MSI looks to add executive chic to a winning laptop formula
MSI GE72 7RE Apache Pro gaming laptop review
Less power, less weight, less money could be just what competitive gamers are looking for
- Cheaper than alternatives
- Under-powered for latest games
If you're a competitive gamer playing older games, this could be what you've been looking for. But this gaming "monster" can't play the latest and greatest games.
Price$ 2,199.00 (AUD)
You’re allowed to be confused by MSI’s Gaming laptop range(s). While Apple eschews simplicity of range by offering only a handful of products, at the other end of the spectrum lies MSI offering a bewildering range with different ranges within that range and then different SKUs within thos… and some of those have different specs!
This is not necessarily a bad thing as the target market will likely want to tailor their gaming beast just so. Nonetheless, here’s MSI’s GE72 7RE Apache Pro with an SKU of 074AU that has an additional part code of 9S7-179941-074.
17.1-inch, matte, 1920 x 1080, 120Hz, non-touchscreen LCD; 2.8-3.8GHz Intel Core i7-7700HQ processor; 16GB RAM; 1TB mechanical HDD; 120GB SSD; Nvidia 4GB GeForce GTX 1050 Ti; Blu-ray writer; 6-cell 53Wh battery; 3KG. SKU: 074AU. Full specs here.
So basically the Apache Pro is exactly the same as the GT72VR Dominator Pro that we reviewed a few months ago but for a smaller (six instead of nine-cell) battery, and less-powerful graphics chip – an Nvidia 1050 Ti instead of a 1070. This all brings down the weight from 3.85KG to 3KG and the price down from a sobering $3,400 to $2,199. (Note: we've also now reviewed the MSI GE62 Apache which is just like this but 15-inches in size and with an Nvidia 1050 graphics chip instead).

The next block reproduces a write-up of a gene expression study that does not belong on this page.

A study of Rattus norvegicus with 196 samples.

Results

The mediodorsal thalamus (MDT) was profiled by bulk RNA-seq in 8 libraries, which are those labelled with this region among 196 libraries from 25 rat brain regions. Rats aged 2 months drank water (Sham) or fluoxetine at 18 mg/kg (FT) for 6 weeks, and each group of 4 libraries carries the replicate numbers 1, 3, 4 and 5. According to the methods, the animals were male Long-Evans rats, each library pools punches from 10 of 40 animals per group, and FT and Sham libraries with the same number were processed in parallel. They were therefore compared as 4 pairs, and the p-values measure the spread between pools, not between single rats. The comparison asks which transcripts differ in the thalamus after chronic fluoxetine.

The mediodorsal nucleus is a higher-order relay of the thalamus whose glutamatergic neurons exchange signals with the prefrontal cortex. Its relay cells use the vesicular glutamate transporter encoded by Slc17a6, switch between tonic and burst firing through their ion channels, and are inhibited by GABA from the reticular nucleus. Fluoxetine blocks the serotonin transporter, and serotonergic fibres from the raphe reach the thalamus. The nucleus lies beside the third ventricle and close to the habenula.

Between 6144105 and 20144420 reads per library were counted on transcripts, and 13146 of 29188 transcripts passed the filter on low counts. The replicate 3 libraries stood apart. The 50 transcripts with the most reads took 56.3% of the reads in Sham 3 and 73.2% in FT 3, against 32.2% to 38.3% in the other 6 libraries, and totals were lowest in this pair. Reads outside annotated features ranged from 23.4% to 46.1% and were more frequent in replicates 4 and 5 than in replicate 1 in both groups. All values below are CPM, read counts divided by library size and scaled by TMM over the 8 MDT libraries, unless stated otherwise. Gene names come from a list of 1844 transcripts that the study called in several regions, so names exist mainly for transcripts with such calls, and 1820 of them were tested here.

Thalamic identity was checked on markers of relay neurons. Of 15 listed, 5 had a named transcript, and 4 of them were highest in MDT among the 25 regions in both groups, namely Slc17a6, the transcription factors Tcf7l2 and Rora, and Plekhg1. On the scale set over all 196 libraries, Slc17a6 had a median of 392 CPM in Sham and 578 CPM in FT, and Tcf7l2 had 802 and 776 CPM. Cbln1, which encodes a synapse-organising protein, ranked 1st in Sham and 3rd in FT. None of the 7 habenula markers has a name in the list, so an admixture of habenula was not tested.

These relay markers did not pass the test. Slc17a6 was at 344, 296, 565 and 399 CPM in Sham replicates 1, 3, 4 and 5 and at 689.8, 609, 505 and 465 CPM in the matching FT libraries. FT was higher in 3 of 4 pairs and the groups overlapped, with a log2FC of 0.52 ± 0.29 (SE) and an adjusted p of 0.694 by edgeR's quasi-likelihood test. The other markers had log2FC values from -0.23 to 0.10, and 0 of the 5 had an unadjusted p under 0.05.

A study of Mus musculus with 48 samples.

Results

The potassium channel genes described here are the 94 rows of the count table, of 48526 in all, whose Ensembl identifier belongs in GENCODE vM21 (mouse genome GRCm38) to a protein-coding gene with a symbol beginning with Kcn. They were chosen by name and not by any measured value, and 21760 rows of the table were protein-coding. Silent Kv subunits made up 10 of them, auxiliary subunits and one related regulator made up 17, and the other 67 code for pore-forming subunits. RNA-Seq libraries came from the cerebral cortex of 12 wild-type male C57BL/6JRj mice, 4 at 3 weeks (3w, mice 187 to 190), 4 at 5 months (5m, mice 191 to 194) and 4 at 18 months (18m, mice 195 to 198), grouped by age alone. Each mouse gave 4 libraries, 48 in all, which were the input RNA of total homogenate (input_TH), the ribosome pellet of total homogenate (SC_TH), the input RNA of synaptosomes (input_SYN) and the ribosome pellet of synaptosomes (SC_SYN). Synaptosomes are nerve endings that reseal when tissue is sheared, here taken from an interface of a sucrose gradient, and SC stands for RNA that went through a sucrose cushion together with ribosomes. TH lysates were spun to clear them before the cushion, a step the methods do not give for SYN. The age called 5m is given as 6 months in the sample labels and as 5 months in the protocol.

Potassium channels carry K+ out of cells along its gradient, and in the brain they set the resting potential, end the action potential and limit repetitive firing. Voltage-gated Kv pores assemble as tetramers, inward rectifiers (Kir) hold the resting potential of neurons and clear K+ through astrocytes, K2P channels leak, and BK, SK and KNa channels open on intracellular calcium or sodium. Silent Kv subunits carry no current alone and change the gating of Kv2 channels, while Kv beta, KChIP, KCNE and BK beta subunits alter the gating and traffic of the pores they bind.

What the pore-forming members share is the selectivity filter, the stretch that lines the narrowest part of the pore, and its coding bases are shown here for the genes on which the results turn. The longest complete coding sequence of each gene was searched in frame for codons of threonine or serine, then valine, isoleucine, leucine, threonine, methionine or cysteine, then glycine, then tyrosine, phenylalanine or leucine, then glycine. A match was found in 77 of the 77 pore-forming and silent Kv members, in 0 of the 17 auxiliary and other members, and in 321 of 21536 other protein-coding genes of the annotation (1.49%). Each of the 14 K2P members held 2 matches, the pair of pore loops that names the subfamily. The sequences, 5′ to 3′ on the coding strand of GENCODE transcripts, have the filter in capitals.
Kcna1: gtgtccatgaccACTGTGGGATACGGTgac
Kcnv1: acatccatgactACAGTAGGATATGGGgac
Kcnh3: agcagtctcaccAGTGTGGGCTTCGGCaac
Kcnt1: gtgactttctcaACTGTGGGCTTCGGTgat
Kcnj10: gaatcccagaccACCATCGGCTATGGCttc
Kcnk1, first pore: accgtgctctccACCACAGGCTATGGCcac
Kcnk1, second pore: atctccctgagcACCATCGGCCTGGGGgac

As before, you can get the Apache Pro with a Full HD screen, a 4K screen or a Full HD 120Hz screen (as reviewed).
We’re not going to re-review this laptop as it’s basically the same as before and you can read the MSI Dominator Pro review, here.
However, we are interested in comparing the performance which comes from the 1050 Ti (read more on that, here).
Performance and Battery Life
Not surprisingly, reducing a computer’s spec by $1,200 lessens performance as the following graphs demonstrate.
Despite having the same processor, RAM and hard drive(s) the general PC Mark score dropped from 4,174 to 3,519. It will still be fast for most general applications with it’s impressive, Intel 7th Gen i7 7700HQ chip, it’s just not up there with extreme performance machines. For reference, our super-fast desktop PC World Test Rig scored 4,040 so it’s not too far behind.
In 3D Mark itself, the 1070-wielding Dominator Pro blitzed the 1050 Ti of the Apache Pro, scoring 5197 to 2302. This isn’t surprising given the vast difference here – it’s what’s primarily responsible for the main price hike. What it means is that while the Dominator Pro will be able to hit very smooth framerates on the latest games, the Apache Pro will struggle with the latest and greatest - averaging well under 20fps. However, to eSports players, who stick with the likes of Counter Strike, anything more is overkill - in the DirectX 10-based 3D Mark Cloud Gate test you can expect average frame rates of over 170fps.
In terms of battery life, despite offering less power, the Dominator Pro has a much larger battery. As such it ran the intensive, PC Mark Battery Life test for 2hrs 1min compared to the Apache Pro’s 1hr 23mins. It also played a Full HD movie at moderate brightness for 3hrs 30mins over the Apache Pro’s 2hrs 37mins. This is borderline irrelevant though as you’ll be forced to lug the big power brick round for most functions. At least the 600g Apache Pro one is another 400g less than the Dominator Pro’s.
We’ve been impressed with MSI’s gaming laptops as they’ve represented impressive power and good value. For many this Apache Pro will be underpowered as a portable gaming machine, but for others it will be exactly what they’ve been looking for: powerful enough to play competitive (older) games really very well but without the overkill of paying for power that won’t be used.
It’s not cheap, but if you want a game-focused beast that’s for competitive-oriented gaming rather than the visually-stunning latest games, this is a decent buy. The 1.2KG weight drop is a boon too.